Atiku Bagudu, governor of Kebbi State of Nigeria, on Saturday, called for a permanent framework to regulate cattle movement from the Sahel to other regions in Africa, and make pastoral work easier.
Governor Bagudu spoke at the 2021 Pastoralists Week held in Birnin Kebbi, capital of Kebbi State, an event that was organized by the State of Dosso in Niger Republic in association with the State of Alibori in Benin Republic, the State of Kebbi in Nigeria, EOWAS – Economic Community of West African States – and the boundary authorities of the three participating countries.
Governor Bagudu noted that: “Animal Husbandry is an important work in West Africa, and I am happy that we all appreciate the importance of this sector and I am glad that the CILSS, the Permanent Interstate Committee for Drought Control in the Sahel, is leading efforts to generate resources that will help us to develop the sector.
“There was a statement that about 300 million dollars funding has currently been mobilized by the CILSS and that is most important. What this funding can do, is to help us draw the attention of the world to the potentials in animal husbandry in West Africa.
“This is because it requires more than that to develop and we must have a way of communicating it to the ECOWAS leadership, perhaps the African Union (AU) leadership, that we need them to be unanimous in this area so that we can generate billions of dollars that can support the pastoral sector in West Africa,” the governor said.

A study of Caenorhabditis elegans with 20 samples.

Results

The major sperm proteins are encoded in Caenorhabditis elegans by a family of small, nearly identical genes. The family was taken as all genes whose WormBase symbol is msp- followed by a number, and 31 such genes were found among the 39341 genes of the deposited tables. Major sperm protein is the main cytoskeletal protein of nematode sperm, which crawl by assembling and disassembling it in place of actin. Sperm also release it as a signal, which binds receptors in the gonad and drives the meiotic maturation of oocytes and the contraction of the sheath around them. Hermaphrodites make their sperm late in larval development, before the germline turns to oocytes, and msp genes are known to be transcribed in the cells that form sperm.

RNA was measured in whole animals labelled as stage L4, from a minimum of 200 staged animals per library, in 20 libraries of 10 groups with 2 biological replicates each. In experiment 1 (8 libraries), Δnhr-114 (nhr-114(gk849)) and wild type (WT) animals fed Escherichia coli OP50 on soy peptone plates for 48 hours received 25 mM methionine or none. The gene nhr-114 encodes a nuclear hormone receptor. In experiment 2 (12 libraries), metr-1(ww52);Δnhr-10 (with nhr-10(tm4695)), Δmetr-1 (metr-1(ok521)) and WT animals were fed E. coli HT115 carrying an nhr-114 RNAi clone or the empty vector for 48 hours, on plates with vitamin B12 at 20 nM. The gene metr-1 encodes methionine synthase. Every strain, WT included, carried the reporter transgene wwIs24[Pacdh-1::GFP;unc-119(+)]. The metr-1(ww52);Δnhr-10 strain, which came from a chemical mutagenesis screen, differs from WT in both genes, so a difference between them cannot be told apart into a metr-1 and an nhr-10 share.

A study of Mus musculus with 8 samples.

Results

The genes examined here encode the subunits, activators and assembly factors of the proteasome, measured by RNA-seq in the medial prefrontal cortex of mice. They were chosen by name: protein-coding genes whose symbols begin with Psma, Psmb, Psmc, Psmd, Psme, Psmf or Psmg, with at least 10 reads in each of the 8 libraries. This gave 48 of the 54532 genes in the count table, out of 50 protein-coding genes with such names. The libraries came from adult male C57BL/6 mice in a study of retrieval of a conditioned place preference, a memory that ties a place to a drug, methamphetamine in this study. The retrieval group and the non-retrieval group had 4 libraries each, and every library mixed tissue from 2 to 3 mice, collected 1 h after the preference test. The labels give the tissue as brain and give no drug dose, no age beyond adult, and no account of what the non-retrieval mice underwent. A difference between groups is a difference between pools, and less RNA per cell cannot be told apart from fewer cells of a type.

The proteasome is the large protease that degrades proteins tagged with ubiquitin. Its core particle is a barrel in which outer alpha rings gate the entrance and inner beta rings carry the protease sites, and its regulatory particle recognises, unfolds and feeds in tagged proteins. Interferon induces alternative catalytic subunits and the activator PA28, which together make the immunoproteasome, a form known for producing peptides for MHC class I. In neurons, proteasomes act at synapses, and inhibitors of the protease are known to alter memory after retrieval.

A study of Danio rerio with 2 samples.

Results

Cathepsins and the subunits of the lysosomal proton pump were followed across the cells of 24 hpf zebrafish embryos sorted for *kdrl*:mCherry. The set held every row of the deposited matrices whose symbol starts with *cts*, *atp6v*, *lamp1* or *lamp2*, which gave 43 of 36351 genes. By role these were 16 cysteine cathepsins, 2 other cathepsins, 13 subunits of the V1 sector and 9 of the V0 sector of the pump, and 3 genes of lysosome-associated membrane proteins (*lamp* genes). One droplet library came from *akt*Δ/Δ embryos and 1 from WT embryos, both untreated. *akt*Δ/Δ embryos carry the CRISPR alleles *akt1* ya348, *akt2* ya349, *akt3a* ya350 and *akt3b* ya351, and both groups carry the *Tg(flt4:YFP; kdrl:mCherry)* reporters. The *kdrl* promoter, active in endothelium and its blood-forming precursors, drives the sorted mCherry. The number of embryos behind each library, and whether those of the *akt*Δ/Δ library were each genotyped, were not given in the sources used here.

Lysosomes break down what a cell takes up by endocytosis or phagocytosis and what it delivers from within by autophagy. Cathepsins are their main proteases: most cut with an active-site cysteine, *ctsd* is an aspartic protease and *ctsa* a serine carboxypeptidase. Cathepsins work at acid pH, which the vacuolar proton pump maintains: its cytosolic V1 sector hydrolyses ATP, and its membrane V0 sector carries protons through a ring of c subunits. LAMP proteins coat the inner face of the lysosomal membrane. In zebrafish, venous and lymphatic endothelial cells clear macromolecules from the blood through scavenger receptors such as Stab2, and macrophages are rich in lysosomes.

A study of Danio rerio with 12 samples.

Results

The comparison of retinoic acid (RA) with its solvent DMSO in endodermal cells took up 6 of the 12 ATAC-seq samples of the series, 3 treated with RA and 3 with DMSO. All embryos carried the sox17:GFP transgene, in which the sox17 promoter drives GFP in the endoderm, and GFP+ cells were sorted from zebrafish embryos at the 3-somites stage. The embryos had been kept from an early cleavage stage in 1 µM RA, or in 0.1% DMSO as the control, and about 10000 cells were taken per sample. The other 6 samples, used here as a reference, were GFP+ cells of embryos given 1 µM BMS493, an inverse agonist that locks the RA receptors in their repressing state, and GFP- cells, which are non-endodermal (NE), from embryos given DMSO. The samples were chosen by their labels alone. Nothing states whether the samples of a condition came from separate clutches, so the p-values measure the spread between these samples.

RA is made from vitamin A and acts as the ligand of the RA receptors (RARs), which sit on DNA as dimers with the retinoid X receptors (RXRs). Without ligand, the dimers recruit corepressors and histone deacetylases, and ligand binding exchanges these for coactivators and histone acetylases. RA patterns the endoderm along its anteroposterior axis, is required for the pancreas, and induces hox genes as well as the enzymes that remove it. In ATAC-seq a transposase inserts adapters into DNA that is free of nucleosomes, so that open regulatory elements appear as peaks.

He noted that the pastoralism sector was full of hardworking people, looking for opportunities to cater for their children and give them a good education, as such any investment in the sector would yield the desired results, including better returns on investment.
“So that Dosso, Alibori, Nigeria and Kebbi State, supported by ECOWAS and CILSS can create this framework, while we are waiting for our national leaders to endorse it and send it to other countries, so that they can come and learn from us,” he noted.
In his remarks at the event, Kebbi State ex-governor, Sa’idu Nasamu-Dakingari, said that the issue of pastoralists was not about land, “but the rain and climate change,” explaining that the expansion of land for farming had continued to pose serious challenges to pastoralists, who were always migrating during dry seasons from the Sahel to Southern regions, for pasture.